You’ve seen the headlines, you’ve heard the news: Africa is a hot economic commodity. “It’s the next China or Dubai,” you say over the water cooler at work.
“But isn’t it unstable and unsafe?” a co-worker counters hazily; he skims the New York Times on the way to work, and has recently seen headlines about potential violence in Kenya.
But you subscribe to our Daily Top 10 and weekly Business and Finance newsletters, and say, ”The Kenyan shilling has actually gone up in recent weeks, and Mark Mobius says the improvement in infrastructure makes Kenya a worthy long-term investment.”
You’re ready, willing and eager to do business in Africa. But you have no idea where to start. We sympathize.
Recently, Africa.com’s CEO and founder Teresa Clarke was invited to deliver a speech on doing business in Africa to a packed room in the White House, full of CEOs and investors. She delivered the following ten tips, the ten things no one ever tells you. The audience left the room confident and ready to engage with the continent; you will be too.
Doing Business in Africa: Ten Things No One Ever Told You
1) The African business culture, similar to the Asian business culture, is driven more by relationships and less by transactions.
2) African consumers have more money than you think, and they’re willing to spend less money on food to purchase airtime. As one of our bloggers wrote recently about Kenyans, “basic needs, in the eyes of a growing few, include access to cheap mobile (and internet) services.”
3) When it comes to doing business in Africa, it’s neither one country nor 54 countries. Rather you have to take a regional approach. In our “Insider’s Guide to Business Travel to Accra, Ghana,” for example, we wrote, “Many business travelers to West Africa find Accra to be close enough to access Nigeria’s large market, but prefer the quality of life that Accra affords visitors.”
4) Brand loyalty is high. See the food and beverage and banking sectors.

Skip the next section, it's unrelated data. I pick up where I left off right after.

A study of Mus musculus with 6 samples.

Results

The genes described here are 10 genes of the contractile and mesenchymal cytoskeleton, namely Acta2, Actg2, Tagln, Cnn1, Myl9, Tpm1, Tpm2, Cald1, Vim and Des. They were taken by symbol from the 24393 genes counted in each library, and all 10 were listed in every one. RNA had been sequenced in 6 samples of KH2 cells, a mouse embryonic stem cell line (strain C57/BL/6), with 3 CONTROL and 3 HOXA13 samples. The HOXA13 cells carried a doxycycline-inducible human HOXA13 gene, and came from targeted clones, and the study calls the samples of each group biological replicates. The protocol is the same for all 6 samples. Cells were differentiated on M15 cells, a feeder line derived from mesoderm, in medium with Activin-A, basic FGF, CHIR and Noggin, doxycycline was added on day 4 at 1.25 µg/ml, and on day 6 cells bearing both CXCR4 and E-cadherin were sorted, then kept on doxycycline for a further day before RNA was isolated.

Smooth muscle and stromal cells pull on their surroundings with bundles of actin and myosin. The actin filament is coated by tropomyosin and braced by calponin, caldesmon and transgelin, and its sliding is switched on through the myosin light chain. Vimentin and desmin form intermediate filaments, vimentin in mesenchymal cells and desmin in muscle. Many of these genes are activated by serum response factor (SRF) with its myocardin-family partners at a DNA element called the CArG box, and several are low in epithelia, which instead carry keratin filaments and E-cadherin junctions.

5) Corruption—it’s not just an American (or Western) concern. Africans take corruption very seriously because it costs entrepreneurs, drives uncertainty, and inhibits growth.
6) Africans think China is good for business. Firstly and perhaps most importantly, Chinese treat Africans as peers, not children who need incentives for good behavior. Chinese are faster to make decisions, and have provided high profile infrastructure–in other words, they have delivered on projects. An example is Ghana’s new international airport.
7) Poor people have market preferences, too. Before entering a market, research is essential. Don’t assume that cheaper is always better; durability is often a core value.
8) Modes of communication are different. Cell phones are ubiquitous, so expect to text–a lot. On the other end of the spectrum, you’ll rely less on e-mail and the post office. Your driver might also serve as your courier.
9) Use local consultants and experts. They’ll have knowledge of local customs, culture and relationships. It’ll minimize “school fees,” and deepen your perceived investment.
10) Americans are the last ones to the party. Perhaps a more apt name for this article might be, “Ten Things No One Ever Told You…If you are an American.” Europeans, Chinese and South Africans—yes, this is one of those weird regionalisms where South Africa is a separate market from the rest of the Continent—are already doing business in Africa and profiting. Just check out our weekly Business & Finance Top 10 to see the latest deal and who’s who on the Continent.
We hope our tips prove helpful and that you’ll be contacting us about your next successful business venture in Africa.